Latin cursive AKA Modern English cursive was a standard lesson in nearly every elementary school classroom not that long ago. Being able to print script letters was taught first. Once you got into 3rd Grade, it was time to learn cursive!
It’s different now. In classrooms across America, cursive writing lessons have been put on the back-burner. With typing having taken over modern classrooms, printers are now writing letters–if at all–while children are clicking away at keys on a computer or tablet instead of drawing words on paper, or just printing letters on paper. There is no specific time set aside to teach cursive to students.
But for teachers who still teach cursive, bless their good hearts–nearly all of them has their own methods. Some will hand out papers with cursive examples that you can trace and repeat on your own. They usually have little arrows indicating the direction you should take the pen while writing.
Some teachers will give directions on a chalkboard, explain every stroke they make to connect letters, and have you repeat it on paper. Then will the student be graded on it after hours of practice.
It’s Truly an Art Form
Letter writing and calligraphy are art forms. Truly, the best cursive artists are those that have taken the time to practice their cursive and balance letter size, sometimes even creating their very own fonts; their personal style of writing.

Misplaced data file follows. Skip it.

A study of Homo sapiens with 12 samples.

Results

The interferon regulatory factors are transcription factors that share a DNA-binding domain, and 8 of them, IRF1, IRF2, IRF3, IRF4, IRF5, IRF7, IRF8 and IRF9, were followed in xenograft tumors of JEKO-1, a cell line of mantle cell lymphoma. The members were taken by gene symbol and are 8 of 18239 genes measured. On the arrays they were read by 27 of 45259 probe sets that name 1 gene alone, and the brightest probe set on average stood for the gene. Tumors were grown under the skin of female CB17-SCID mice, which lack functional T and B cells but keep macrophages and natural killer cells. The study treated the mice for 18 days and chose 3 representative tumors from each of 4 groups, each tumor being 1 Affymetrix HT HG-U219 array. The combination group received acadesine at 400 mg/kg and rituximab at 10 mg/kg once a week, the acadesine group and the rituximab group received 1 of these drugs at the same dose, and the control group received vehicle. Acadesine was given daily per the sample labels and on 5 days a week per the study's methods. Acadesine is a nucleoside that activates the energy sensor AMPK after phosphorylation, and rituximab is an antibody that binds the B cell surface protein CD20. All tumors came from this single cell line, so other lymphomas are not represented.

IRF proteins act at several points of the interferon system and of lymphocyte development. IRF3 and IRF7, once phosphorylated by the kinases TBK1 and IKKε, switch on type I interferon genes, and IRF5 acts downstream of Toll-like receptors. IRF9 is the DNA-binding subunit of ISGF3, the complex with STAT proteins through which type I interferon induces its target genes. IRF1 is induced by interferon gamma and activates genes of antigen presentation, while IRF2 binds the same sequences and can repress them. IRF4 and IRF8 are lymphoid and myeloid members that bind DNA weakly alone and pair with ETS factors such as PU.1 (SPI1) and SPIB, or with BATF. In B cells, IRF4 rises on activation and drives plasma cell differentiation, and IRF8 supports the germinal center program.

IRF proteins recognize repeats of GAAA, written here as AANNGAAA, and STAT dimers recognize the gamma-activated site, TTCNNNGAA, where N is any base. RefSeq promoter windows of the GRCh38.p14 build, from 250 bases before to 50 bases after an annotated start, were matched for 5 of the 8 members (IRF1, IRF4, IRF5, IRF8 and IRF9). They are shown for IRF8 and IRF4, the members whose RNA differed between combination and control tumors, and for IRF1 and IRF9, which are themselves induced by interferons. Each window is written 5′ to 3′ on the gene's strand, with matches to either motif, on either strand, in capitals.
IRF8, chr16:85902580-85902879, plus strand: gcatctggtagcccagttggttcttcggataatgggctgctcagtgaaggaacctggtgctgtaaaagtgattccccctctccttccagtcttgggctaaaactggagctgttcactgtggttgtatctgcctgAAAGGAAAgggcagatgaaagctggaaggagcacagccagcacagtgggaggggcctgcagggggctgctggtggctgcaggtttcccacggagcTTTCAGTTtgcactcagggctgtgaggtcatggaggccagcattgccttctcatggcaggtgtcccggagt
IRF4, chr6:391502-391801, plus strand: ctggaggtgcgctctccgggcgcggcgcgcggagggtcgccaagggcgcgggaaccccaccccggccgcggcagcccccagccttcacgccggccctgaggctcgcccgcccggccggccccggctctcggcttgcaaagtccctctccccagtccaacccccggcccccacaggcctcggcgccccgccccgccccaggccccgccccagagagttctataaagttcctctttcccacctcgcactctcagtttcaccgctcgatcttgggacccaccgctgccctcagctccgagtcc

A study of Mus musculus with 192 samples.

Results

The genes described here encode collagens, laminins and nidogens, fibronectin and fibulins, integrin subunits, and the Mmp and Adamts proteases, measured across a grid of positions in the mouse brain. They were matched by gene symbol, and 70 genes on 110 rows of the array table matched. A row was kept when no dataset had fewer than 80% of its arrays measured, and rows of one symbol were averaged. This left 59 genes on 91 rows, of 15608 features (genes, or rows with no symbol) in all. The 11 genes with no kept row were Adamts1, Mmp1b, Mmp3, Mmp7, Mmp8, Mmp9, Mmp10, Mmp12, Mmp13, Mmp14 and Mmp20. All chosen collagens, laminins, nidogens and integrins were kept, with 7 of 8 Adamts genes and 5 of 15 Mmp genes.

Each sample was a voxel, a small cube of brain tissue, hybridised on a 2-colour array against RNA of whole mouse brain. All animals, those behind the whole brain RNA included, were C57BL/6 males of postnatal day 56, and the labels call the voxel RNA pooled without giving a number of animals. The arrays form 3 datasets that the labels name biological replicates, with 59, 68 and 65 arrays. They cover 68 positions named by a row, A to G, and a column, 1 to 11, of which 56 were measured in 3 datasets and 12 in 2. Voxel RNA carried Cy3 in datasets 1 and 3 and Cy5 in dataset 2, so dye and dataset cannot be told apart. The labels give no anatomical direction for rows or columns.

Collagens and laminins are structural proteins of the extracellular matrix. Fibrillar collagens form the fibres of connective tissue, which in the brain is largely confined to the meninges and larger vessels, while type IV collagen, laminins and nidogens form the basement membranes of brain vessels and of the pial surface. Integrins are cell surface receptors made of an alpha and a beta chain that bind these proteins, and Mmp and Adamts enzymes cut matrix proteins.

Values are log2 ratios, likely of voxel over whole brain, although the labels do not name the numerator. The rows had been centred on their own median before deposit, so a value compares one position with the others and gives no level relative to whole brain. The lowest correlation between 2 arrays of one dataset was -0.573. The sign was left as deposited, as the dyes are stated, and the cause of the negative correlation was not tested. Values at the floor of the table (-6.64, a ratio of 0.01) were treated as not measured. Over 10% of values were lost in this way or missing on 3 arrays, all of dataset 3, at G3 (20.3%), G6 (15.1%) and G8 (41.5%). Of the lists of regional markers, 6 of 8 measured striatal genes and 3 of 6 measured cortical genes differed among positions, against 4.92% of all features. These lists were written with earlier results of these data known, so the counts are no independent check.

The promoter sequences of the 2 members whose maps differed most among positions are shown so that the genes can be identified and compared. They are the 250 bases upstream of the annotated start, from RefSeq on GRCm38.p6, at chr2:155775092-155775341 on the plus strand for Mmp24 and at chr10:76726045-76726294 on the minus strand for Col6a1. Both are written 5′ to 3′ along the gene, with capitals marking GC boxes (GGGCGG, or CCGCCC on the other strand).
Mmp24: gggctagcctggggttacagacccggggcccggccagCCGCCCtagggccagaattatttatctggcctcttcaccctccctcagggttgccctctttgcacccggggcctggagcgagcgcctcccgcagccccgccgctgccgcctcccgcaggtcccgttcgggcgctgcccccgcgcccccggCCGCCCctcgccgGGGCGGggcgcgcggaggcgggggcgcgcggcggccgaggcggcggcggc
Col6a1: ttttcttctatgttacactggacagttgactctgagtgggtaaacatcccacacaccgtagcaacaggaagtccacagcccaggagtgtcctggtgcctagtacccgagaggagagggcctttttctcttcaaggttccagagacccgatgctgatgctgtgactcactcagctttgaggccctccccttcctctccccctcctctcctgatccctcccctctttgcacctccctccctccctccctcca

Ligatures can be such a pain to draw, yet when mastered, look quite beautiful. How you connect letters is as important as how you write each letter when it comes to cursive. Consistency is key.
That’s why this teacher not only gets an A+ for teaching his students how to write in a consistent form and size to connect letters easily, he also gets an extra point for cadence in his singing, another point for speed, and yet another point for caring enough to teach kids an important skill that will surely make them feel good about writing assignments in the future.
What’s He Doing?
He’s singing a song that kids can easily remember, and is demonstrating how each letter, when written a certain way can connect very easily to any other letter. He is also showing how certain letters have sections that are below the baseline, and others have sections that are above the midline. This is done all while singing a catchy tune with counting.
This method stresses consistency in size and form, and the speed he does it in is phenomenal.
He is speaking in Telugu, which is a language spoken in the state of Telangana in the Andhra Pradesh region in India.
Don’t worry, he probably goes over it several times with students. Those that pick it up quickly can go on to immediately practice, and those that need a repeat display, can continue watching the show until they get it.
You might want to get a pen and paper and try it yourself!